Next mayor may look to manager

Some candidates say they would hire city administrator

June 24, 1999|By Gerard Shields | Gerard Shields,SUN STAFF

Baltimore voters casting ballots for mayoral candidates in the fall might not be electing the person who will run the city.

Three mayoral candidates say that if elected they would hire an administrator to handle the daily operation of city government.

The proposal is being pushed by candidates such as Council President Lawrence A. Bell III and former East Baltimore Councilman Carl Stokes. It is a growing trend among local governments. Across the country, 676 mayors supervise city administrators.

"Cities are wising up," said Michele Frisby, a spokeswoman for the International City and County Managers Association (ICMA) in Washington. "They're realizing that their mayors can't handle it all."

Stokes, also a former school board member, contends that hiring a city administrator would free the mayor to be more of a leader, coordinating exchanges between government agencies and city businesses.

"Interagency coordination is pretty lousy in Baltimore City," Stokes said. "A big role of the mayor is to cheerlead for the city. The mayor must be on the street and accessible."

This week, Bell said he supports the city administrator structure. Bell based his backing on a recent trip to Atlanta, which operates with a mayor and chief administrative officer. Under the Bell plan, Baltimore would have a chief operating officer and chief financial officer.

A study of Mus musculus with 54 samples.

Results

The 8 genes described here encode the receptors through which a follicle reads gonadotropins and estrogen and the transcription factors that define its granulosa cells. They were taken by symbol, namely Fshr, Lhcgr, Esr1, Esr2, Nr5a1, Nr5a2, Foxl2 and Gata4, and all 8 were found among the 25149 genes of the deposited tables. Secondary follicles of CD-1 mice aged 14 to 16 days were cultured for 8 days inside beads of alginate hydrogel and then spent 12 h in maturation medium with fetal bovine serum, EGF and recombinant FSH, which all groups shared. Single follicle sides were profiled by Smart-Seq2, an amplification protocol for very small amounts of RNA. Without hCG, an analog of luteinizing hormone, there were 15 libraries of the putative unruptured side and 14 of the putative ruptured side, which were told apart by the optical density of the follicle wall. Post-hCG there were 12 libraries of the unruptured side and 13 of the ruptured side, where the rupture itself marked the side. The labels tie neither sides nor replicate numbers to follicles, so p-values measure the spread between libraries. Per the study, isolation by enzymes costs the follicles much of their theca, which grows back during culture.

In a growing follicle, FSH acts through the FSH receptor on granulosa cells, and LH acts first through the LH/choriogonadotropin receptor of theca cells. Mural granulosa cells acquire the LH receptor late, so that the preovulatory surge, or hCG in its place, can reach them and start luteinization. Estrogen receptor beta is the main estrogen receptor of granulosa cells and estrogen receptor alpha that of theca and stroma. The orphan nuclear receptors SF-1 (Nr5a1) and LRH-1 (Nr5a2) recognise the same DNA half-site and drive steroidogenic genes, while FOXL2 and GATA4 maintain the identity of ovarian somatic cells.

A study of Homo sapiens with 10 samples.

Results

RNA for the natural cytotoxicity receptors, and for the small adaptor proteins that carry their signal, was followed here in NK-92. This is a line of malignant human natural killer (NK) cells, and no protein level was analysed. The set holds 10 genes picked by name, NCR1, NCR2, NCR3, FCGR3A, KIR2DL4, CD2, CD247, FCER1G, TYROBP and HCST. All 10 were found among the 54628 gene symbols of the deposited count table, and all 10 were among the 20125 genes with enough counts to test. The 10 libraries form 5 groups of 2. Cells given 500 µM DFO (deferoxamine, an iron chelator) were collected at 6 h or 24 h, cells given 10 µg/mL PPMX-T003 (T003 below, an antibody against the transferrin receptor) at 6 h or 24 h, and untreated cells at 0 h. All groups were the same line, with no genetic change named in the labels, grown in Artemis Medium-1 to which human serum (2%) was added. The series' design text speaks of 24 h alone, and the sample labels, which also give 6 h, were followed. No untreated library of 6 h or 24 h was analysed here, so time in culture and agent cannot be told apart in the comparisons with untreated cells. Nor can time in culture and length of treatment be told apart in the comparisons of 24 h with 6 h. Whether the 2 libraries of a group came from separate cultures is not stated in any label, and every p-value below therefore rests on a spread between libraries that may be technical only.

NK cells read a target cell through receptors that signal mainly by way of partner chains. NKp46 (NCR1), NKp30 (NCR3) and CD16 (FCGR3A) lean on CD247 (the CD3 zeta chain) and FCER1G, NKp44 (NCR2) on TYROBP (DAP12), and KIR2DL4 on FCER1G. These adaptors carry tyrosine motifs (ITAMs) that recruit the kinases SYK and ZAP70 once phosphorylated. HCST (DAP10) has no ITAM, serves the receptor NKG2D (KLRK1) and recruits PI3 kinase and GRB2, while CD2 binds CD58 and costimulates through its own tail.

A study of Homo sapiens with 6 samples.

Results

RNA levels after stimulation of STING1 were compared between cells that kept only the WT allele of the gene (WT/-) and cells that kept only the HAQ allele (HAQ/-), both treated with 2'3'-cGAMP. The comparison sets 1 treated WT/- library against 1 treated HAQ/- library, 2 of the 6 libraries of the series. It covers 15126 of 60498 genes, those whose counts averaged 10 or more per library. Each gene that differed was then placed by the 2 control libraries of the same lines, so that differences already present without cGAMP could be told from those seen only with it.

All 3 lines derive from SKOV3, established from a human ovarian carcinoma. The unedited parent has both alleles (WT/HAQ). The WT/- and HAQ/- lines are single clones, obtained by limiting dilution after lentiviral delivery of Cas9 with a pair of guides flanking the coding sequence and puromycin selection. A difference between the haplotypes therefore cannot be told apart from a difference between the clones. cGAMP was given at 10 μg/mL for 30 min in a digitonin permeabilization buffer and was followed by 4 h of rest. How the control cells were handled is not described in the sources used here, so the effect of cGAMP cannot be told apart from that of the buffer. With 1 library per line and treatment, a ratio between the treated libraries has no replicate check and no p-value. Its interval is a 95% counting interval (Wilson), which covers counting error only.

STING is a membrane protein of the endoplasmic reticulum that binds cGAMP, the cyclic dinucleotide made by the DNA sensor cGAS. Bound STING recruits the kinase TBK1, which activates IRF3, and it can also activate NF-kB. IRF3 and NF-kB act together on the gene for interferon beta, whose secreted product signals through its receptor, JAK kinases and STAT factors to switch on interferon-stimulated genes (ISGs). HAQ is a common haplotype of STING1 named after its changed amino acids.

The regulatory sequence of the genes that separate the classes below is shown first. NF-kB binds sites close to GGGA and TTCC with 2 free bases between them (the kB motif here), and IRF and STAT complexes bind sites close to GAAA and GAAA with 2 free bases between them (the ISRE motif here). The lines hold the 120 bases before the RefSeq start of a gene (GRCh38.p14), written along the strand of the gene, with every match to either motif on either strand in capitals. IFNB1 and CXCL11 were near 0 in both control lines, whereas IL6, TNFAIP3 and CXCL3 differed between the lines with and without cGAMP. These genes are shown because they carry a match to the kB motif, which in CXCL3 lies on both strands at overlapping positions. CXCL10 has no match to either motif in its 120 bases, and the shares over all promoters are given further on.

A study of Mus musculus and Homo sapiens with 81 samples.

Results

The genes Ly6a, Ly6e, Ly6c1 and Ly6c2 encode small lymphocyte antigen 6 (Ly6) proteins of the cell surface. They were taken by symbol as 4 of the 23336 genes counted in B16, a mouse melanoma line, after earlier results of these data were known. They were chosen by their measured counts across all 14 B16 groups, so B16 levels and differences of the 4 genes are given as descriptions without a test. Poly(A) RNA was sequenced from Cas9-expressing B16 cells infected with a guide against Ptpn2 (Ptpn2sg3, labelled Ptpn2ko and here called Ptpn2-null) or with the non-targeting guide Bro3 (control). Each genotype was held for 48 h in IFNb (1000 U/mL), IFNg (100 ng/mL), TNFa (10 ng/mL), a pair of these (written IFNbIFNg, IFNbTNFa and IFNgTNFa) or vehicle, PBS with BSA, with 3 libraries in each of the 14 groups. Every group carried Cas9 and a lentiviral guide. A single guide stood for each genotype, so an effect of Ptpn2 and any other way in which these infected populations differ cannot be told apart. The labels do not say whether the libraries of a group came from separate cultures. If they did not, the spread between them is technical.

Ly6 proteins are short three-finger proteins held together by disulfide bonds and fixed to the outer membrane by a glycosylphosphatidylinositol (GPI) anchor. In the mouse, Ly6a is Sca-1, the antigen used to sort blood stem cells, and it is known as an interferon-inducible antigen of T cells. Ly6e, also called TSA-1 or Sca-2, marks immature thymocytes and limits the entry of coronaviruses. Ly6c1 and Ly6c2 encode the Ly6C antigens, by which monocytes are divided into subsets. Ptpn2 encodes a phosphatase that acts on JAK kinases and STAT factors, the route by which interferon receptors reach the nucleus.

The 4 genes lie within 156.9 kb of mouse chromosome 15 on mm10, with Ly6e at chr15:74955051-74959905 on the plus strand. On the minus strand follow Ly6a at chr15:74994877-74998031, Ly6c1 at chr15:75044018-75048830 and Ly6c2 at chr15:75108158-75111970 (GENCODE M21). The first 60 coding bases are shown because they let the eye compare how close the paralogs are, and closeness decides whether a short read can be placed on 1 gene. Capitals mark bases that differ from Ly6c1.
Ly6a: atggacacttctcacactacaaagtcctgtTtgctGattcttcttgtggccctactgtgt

"I believe that a good manager knows how to delegate," Bell said. "I know my strengths and I know where I need support."

In addition to dealing with a $153 million budget deficit over the next four years, the new mayor will have to find ways to lower the city's homicide rate, reduce the rate of drug addiction and curb an unemployment rate double the national average.

Groups such as ICMA and the National League of Cities urge cities to hire managers with degrees in public administration. Several large cities, such as New York, employ deputy mayors specializing in various tasks.

"Part of being a good leader is having good staff to deal with the issues," said Randy Arndt, a spokesman for the National League of Cities. "If you want to do the job right, you have to have some front-line administrators."

State Del. Tony E. Fulton of Baltimore introduced legislation that would have required the city to hire an administrator, but the measure failed in the General Assembly.

Several mayoral candidates oppose the move, saying it would create another level of bureaucracy. Northeast City Councilman Martin O'Malley contends that it is the mayor's job to run the city and hire the right Cabinet directors.

"If I'm the mayor," said O'Malley, who declared his mayoral bid Tuesday, "the buck stops here."

Mayor Kurt L. Schmoke also questions the idea. During his 12-year tenure, the suggestion of hiring a city administrator has surfaced, Schmoke said.

"Does it mean establishing a new bureaucracy?" Schmoke said. "Does it mean allocating current resources? And there is always the big question, how much is it going to cost?"

Mayoral candidate A. Robert Kaufman said he doesn't see the point of a mayor hiring a city administrator and accuses Bell and Stokes of trying to appease those questioning their leadership capabilities.

"You're electing somebody to hire somebody," Kaufman said.

Kaufman supports a city administrator who would answer to the 19-member City Council. That would reduce the ability of city power brokers to control government, he said.